Teeth Sensitivity Treatment

Teeth sensitivity is a fairly common dental issue that can be a symptom of larger problems such as gum disease or a cracked tooth. Treatments include using desensitizing toothpaste to reduce discomfort, root protection treatments, or fluoride varnish treatments.


Usually, teeth become sensitive when the enamel (white exterior) becomes worn down. This can happen due to:

Gum Disease

Gum disease is one of the major causes of teeth sensitivity. It affects the soft tissue of the gums and exposes tooth roots that are not covered by enamel. It’s important to treat gum disease before it progresses into periodontitis, which damages the bone that supports your teeth. Advanced gum disease can cause teeth to fall out, and it also leads to serious health concerns like heart disease, stroke, diabetes, and more.

Receding gums can also lead to sensitive teeth. When the gums shrink and recede, it leaves the crown of each tooth exposed to everything you eat, drink or do, including cold air, hot drinks, sweet foods, or crunching on ice. The sensitive sensations you experience are caused by the roots of your teeth being exposed to these things, and the nerves that live inside them.

You can prevent tooth sensitivity from developing and getting worse by brushing your teeth with a soft-bristled toothbrush, and using fluoride toothpaste twice a day. Daily flossing helps to remove plaque and gingivitis, and mouthwash can kill bacteria in the mouth. In addition, a healthy diet and regular dental appointments keep the gums strong and help to prevent the build-up of tartar and plaque. If sensitivity persists, the dental team may recommend a de-sensitising tooth paste or gel, a fluoride rinse, or a protective varnish.

Tooth Decay

If your tooth feels sensitive to hot, cold, sugary or acidic foods and drinks it may be a sign of tooth decay. Tooth decay is caused by the bacteria in dental plaque which converts sugar to acids that damage teeth. If left untreated, tooth decay can lead to more serious problems such as a root canal infection or even a lost tooth.

The outer layers of your teeth are made of hard, protective enamel and cementum. The inside of your teeth contains softer dentin which is more vulnerable to damage from acid. Dentin also contains microscopic tubules which connect to the nerves of your teeth. When the dentin is exposed by a crack or chip in the tooth enamel, these tubules can allow heat or cold, or sugary and acidic food to reach the nerves causing sensitivity.

Tooth sensitivity can be a symptom of early stage tooth decay, but can also occur after treatment for other dental problems such as a scale and clean, filling or a crown. This sensitivity is usually temporary but if it persists or becomes painful, visit your dental team as they can advise you on pain relief.

Your dentist can recommend desensitizing toothpaste that contains compounds to block transmission of sensation from the tooth surface to the nerve. They can also prescribe fluoride gels, rinses or varnishes that help strengthen your teeth and reduce sensitivity.

Cracked Teeth

Taking care not to bite down on hard foods and avoiding habits like grinding your teeth can help prevent cracked teeth. But, sometimes cracks develop no matter how careful you are. Usually, cracks happen when a tooth is under stress, and the forces of chewing or biting can cause a fracture at the stress point.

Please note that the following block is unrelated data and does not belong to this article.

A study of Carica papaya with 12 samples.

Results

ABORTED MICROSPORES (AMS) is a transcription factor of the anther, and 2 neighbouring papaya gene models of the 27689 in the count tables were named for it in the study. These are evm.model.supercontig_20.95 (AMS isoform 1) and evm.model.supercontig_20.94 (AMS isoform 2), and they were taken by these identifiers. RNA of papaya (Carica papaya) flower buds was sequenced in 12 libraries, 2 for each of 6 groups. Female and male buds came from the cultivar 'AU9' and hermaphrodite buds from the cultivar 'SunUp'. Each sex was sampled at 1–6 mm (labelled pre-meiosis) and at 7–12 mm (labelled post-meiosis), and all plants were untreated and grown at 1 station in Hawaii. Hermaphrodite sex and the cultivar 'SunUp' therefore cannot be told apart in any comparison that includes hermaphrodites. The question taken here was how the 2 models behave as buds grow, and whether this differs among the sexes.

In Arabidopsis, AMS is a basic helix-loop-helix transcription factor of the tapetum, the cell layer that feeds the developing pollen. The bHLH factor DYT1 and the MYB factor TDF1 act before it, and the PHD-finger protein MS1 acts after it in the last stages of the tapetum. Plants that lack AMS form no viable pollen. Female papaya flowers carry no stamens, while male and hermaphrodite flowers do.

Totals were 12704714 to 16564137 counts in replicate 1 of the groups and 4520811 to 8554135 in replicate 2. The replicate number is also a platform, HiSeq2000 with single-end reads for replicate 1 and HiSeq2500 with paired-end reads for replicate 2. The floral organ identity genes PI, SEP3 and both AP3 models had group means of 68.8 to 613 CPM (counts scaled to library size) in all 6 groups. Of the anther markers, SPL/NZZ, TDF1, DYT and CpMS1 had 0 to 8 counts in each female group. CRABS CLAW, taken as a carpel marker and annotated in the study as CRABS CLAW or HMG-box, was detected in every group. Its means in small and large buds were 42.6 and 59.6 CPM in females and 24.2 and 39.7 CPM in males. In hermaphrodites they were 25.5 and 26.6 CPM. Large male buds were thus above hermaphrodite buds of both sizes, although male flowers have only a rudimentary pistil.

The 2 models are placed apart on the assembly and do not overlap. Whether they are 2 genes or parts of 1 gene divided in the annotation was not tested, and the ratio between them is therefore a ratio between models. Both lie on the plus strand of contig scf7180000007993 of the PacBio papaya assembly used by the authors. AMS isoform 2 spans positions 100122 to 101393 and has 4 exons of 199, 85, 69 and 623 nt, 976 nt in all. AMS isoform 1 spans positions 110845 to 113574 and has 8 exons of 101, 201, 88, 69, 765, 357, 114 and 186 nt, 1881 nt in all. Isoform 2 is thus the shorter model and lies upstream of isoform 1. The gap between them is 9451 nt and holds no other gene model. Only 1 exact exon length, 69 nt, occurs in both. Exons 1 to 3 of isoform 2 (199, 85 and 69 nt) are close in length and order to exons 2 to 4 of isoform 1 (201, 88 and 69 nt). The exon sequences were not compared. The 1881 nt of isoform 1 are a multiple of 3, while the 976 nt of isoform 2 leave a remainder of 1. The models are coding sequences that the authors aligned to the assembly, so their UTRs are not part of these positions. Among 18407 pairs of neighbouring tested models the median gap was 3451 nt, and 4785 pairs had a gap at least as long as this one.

A cracked tooth isn’t always painful, and it’s not always easy to tell if a crack has developed. That’s because symptoms vary depending on the type and location of the crack.

Craze lines are shallow fractures that affect only the enamel and look like faint vertical lines. These are the least serious types of cracked teeth and typically don’t require treatment. Cracks that extend through the root and into the dentin are more serious. These cracks can be painful, but they often aren’t until the pulp is affected and a dental infection develops.

If a cracked tooth isn’t treated, it can lead to the death of the nerve and an abscess. Eventually, the tooth may need to be removed. The best treatment is to see a dentist as soon as possible. A root canal or a crown will repair the damage and restore the tooth. This will protect the tooth from further damage and sensitivity. A root canal can take a few weeks to complete.

Root Canal

When a tooth is infected or dead, a root canal is often needed to save the patient from losing it. During this procedure, the dentist removes the nerve and blood supply from the tooth, leaving only the hard dentin core. The treatment can help relieve pain caused by sensitivity, and it can protect the remaining tooth from further infection and decay.

Although the treatment can be painful, the sensitivity should disappear within a few weeks of it being completed. If you continue to experience pain after the root canal, it is possible that it wasn’t done properly or that there are extra anatomical nerve canals inside the tooth. In these cases, it is essential to visit your dentist as soon as possible for a root canal retreatment.

In most cases, the dentist will prescribe some pain medication for the discomfort you’ll experience after the root canal treatment. If the sensitivity doesn’t go away in two weeks, you should visit your dentist or endodontist for further evaluation. In this case, you might need to have your root canal retreated using high-quality materials and a more detailed procedure to ensure the cleanliness of the tooth. Your dentist will also recommend the best treatment to restore your tooth and prevent it from cracking in the future. It is also important to visit a qualified dentist for this type of treatment, as they have a deeper knowledge, greater expertise, and more experience in this type of therapy.